KUALA LUMPUR, April 16 — Putrajaya must disclose if it had paid RM180 million to set up an online tax reporting system for the Customs Department, a PAS lawmaker demanded today.
Pokok Sena MP Datuk Mahfuz Omar said details of the contract to MyEG Services Bhd have been sketchy, adding that he had received information that the firm would be paid RM180 million for the project, scheduled to take off in April next year when the government enforces the Goods and Services Tax (GST).
"Please don't hide the details. This is an issue of national concern," he told a news conference at the PAS headquarters here.
Mahfuz noted the director-general of the Customs Department, Datuk Seri Khazali Ahmad, had previously said the government will only pay the firm when the system has proven to be a success and raised its revenue beyond the 14 per cent mark recorded in the previous year.
"I can tell you today that the revenue will most certainly exceed the 14 per cent mark because we will be paying GST for all and sundry," Mahfuz said.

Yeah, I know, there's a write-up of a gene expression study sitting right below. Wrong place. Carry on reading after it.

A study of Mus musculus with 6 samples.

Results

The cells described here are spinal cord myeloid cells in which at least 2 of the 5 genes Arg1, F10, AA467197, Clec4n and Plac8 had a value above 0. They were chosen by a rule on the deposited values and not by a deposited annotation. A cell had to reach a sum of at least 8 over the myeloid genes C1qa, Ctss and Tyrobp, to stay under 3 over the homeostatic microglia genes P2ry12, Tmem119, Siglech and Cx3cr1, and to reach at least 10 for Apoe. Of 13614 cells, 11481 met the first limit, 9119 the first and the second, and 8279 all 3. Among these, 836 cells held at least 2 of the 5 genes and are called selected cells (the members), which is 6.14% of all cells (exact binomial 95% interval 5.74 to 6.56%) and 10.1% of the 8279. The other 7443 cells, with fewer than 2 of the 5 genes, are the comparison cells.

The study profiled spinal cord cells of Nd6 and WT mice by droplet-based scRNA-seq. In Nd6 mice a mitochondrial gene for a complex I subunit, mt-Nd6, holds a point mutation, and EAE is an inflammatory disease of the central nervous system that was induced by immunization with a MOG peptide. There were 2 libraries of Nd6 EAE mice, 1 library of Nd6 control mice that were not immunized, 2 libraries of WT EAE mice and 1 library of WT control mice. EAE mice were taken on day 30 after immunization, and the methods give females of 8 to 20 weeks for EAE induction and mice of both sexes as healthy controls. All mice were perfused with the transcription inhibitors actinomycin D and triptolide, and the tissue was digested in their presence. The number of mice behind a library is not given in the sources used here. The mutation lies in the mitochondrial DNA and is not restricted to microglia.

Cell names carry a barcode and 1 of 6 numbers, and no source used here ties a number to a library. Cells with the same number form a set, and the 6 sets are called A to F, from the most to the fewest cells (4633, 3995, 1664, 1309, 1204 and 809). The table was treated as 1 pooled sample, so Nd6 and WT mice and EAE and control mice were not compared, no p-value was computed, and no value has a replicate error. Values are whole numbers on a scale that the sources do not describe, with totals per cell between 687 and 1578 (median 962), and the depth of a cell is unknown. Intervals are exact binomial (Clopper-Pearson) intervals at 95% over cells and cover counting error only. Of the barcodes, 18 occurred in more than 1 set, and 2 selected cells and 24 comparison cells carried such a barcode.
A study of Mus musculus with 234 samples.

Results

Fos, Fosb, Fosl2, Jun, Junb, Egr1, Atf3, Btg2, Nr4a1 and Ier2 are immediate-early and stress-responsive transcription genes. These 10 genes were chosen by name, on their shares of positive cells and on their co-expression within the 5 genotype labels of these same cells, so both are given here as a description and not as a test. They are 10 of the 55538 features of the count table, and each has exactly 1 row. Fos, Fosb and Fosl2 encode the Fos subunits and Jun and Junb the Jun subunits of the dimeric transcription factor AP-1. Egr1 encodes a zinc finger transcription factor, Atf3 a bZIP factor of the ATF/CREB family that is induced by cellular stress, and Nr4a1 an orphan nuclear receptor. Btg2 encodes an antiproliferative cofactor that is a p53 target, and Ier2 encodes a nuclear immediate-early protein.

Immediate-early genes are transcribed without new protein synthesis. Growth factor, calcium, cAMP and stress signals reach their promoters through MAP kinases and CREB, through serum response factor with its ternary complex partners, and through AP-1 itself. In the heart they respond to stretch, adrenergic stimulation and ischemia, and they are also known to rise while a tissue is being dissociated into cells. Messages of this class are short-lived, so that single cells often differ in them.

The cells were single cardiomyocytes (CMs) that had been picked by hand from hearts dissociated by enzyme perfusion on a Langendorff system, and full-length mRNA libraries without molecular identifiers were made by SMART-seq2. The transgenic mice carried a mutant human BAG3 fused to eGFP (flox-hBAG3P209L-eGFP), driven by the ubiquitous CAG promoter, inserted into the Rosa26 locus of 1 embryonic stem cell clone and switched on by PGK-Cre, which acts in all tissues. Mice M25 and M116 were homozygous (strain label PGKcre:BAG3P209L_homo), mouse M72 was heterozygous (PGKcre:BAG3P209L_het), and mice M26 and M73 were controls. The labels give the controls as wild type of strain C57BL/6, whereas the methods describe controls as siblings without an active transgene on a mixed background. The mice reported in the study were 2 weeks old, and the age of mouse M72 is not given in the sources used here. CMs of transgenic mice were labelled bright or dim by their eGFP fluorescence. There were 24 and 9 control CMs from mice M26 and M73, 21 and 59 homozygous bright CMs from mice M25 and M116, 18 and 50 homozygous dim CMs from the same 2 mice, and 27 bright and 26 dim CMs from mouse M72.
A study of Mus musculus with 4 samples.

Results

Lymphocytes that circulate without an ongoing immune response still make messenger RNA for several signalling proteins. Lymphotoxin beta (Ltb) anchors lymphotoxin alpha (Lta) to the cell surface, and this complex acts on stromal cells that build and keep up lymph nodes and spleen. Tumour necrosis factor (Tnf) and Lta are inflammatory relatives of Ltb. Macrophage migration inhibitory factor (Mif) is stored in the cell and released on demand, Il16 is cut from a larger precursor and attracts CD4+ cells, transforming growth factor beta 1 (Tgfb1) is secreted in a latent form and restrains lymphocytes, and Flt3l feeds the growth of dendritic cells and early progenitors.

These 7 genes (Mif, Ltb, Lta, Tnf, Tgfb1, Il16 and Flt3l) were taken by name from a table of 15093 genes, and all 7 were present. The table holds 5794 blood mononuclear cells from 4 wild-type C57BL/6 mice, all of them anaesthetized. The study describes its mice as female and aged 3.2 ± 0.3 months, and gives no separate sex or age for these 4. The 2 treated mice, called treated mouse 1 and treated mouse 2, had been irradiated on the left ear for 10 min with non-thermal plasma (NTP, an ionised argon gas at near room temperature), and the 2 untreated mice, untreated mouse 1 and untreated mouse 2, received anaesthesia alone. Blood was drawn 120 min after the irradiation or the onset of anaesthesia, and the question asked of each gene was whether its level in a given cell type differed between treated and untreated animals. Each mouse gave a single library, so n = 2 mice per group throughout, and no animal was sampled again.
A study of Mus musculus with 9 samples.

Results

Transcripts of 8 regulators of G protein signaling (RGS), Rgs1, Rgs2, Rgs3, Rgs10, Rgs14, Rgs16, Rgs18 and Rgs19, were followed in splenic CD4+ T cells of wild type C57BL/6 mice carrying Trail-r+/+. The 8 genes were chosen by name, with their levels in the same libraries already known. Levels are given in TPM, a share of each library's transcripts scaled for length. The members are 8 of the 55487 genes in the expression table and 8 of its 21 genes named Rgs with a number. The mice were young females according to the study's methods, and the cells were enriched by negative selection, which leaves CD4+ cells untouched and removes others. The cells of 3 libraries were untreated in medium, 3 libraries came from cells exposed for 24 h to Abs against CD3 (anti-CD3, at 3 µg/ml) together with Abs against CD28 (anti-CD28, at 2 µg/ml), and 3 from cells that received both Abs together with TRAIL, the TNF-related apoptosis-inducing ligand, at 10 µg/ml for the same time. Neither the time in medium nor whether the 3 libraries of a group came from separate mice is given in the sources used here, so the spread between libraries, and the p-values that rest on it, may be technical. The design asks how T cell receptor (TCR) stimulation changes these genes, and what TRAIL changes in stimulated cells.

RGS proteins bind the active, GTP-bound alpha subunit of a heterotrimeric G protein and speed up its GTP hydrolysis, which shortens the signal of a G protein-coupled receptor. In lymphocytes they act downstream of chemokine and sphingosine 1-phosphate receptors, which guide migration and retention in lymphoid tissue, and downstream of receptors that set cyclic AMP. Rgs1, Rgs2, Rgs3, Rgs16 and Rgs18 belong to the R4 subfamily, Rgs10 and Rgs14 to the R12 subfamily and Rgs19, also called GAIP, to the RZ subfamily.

Mahfuz questioned the need outsource the contract of the system to a third-party, claiming the Customs Department could have bought existing softwares and train its officers to operate the revenue collection system instead.
MyEG, a forerunner in developing online government transactional services, announced on Bursa Malaysia in February that it had undertaken Putrajaya's offer to build the Customs Online Service Tax Reporting system for when the government rolls out GST.
Khazali said the project will not incur cost to the government as it is being fully borne by the firm, state news agency Bernama reported last week.
The tenure for the project is six years, beginning April 1, 2015.
MyEG will be providing the department and the relevant stakeholders with the device and software services that would link up to the point-of-sale terminals and cash registers.
The GST Bill was passed through the lower house on April 7, despite objection from opposition lawmakers, ensuring that the consumption tax starts at a flat rate of 6per cent beginning April 1 next year.
The tax is expected to help the Najib administration prop up its revenue and tackle the government’s chronic budget deficit.